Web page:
Bill Gross

Fischer Admits Fed Is Clueless About What Happens Next

"There is quite significant uncertainty about what's actually going to happen, I don’t think anyone quite knows what’s going to come out of the process which involves both the administration and Congress in the deciding of fiscal policy and a variety of other things."

Weekend Reading: Fed Up

"The important point to note here is the historical deviation between exuberance and economic realities has generally NOT been resolved by reality catching up with fantasy. It has always been the other way around."

Seth Klarman Warns Trump's "Erratic, Overconfidence" Could End Dollar Hegemony

The big picture for investors is this: Trump is high volatility, and investors generally abhor volatility and shun uncertainty... If things go wrong, we could find ourselves at the beginning of a lengthy decline in dollar hegemony, a rapid rise in interest rates and inflation, and global angst...”

Mario Draghi Hints Trump Will Be Responsible For The Next Financial Crisis

According to Mario Draghi, portfolio manager of the world's biggest hedge fund, it is not his gargantuan balance sheet equal to 36% of the eurozone GDP, nor the $14 trillion in global central bank liquifity that will be responsible for the next market crash, but that Donald Trump's deregulation of the banking industry has "sown the seeds of the next financial crisis."

Gross: "Without QE From ECB And BOJ, The U.S. Economy Would Sink Into Recession"

"The ECB and BOJ are buying $150 billion a month of their own bonds and much of that money then flows from 10 basis points JGB's and 45 basis point Bunds into 2.45% U.S. Treasuries.... I would venture a guess that without QE from the ECB and BOJ that 10-year U.S. Treasuries would rather quickly rise to 3.5% and the U.S. economy would sink into recession."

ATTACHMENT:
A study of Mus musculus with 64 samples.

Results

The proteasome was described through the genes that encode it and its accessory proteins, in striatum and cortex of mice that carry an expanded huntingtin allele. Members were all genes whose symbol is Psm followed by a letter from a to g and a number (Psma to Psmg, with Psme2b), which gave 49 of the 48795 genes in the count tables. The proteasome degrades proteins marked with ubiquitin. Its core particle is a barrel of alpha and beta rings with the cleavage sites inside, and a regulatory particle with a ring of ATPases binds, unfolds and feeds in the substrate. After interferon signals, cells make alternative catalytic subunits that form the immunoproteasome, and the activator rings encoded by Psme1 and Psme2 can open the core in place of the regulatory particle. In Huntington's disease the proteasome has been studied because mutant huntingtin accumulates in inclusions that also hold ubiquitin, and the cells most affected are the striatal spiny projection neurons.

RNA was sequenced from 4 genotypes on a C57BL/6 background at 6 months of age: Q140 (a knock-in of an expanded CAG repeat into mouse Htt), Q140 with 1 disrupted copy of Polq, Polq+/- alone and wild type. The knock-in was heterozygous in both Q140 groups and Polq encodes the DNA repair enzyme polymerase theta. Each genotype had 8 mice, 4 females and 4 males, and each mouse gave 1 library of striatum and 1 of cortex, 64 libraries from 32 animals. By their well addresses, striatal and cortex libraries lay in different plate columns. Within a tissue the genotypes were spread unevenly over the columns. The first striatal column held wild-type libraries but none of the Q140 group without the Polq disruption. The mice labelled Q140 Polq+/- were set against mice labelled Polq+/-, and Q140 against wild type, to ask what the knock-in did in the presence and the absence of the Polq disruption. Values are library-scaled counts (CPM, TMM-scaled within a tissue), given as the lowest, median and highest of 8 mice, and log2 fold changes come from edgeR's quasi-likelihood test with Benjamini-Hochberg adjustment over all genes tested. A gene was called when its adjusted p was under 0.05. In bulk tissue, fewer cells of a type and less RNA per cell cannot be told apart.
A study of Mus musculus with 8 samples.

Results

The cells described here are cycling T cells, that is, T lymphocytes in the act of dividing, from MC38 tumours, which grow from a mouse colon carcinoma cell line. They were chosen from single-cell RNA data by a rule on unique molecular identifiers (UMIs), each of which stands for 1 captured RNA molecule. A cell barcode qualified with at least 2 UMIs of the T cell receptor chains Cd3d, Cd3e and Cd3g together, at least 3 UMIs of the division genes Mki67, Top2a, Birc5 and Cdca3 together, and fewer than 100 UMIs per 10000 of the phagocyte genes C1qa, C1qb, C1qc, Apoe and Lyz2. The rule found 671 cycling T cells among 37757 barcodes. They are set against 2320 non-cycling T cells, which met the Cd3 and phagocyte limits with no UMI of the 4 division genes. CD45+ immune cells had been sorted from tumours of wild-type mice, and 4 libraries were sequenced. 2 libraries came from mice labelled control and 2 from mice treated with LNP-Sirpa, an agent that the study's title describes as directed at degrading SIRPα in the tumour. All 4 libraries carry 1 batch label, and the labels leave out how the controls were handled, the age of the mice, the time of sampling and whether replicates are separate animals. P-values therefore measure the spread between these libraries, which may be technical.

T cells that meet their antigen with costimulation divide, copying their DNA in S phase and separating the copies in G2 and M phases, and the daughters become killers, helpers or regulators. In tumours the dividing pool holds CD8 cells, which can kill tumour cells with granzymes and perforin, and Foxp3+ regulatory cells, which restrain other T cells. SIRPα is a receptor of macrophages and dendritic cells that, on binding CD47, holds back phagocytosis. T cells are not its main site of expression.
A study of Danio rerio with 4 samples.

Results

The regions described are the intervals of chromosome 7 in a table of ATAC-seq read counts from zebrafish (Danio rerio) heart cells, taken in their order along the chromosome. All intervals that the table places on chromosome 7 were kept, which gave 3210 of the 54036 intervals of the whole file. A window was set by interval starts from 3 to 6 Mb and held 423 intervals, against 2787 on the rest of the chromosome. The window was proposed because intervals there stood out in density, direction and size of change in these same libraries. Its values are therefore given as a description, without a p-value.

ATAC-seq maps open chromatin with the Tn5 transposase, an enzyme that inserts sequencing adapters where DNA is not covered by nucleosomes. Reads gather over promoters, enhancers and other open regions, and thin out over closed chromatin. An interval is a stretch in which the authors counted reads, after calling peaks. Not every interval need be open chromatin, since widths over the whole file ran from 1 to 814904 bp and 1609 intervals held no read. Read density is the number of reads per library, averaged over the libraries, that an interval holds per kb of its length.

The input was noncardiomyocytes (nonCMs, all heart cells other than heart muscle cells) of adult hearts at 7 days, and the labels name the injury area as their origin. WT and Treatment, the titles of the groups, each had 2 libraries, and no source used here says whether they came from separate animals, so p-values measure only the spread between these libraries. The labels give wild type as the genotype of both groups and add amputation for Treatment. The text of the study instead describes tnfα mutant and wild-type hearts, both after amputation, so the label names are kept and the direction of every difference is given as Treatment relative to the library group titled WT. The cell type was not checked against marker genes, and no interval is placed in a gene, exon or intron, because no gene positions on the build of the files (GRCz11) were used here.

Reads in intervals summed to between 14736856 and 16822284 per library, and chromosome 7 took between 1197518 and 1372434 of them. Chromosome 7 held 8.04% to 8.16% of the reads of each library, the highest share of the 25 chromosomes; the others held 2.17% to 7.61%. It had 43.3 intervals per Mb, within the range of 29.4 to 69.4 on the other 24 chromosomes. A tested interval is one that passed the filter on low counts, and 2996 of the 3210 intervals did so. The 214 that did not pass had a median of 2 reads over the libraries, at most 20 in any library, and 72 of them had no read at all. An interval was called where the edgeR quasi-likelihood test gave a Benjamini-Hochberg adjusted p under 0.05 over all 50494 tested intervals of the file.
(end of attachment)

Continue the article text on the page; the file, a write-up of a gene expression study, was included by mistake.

Wall Street Responds To Today's Jobs Report

Following today's jobs report, the market's reaction to the unexpectedly strong January payrolls visualized in the charts below, is straightforward: the disappointing wage growth is an indication that the Fed may not hike rates for quite a bit longer than expected, and will likely will be forced to reduce its rate hike expectations from 3 to 2 (in line with the market) or fewer if wage growth continue to stagnate.

Weekend Reading: Anticipation

“Stock market bubbles don’t appear out of thin air. They have a basis in reality. But that reality is distorted by misconception..

Guggenheim: "3% Is The Beginning Of The End"

"3% is basically the beginning of the end... as the business cycle ages, in 2019, 2020 when we could anticipate we might have another recession, that there will be another deflationary burst that will bring rates back down if we do get above 3%, but we haven't violated that trend yet."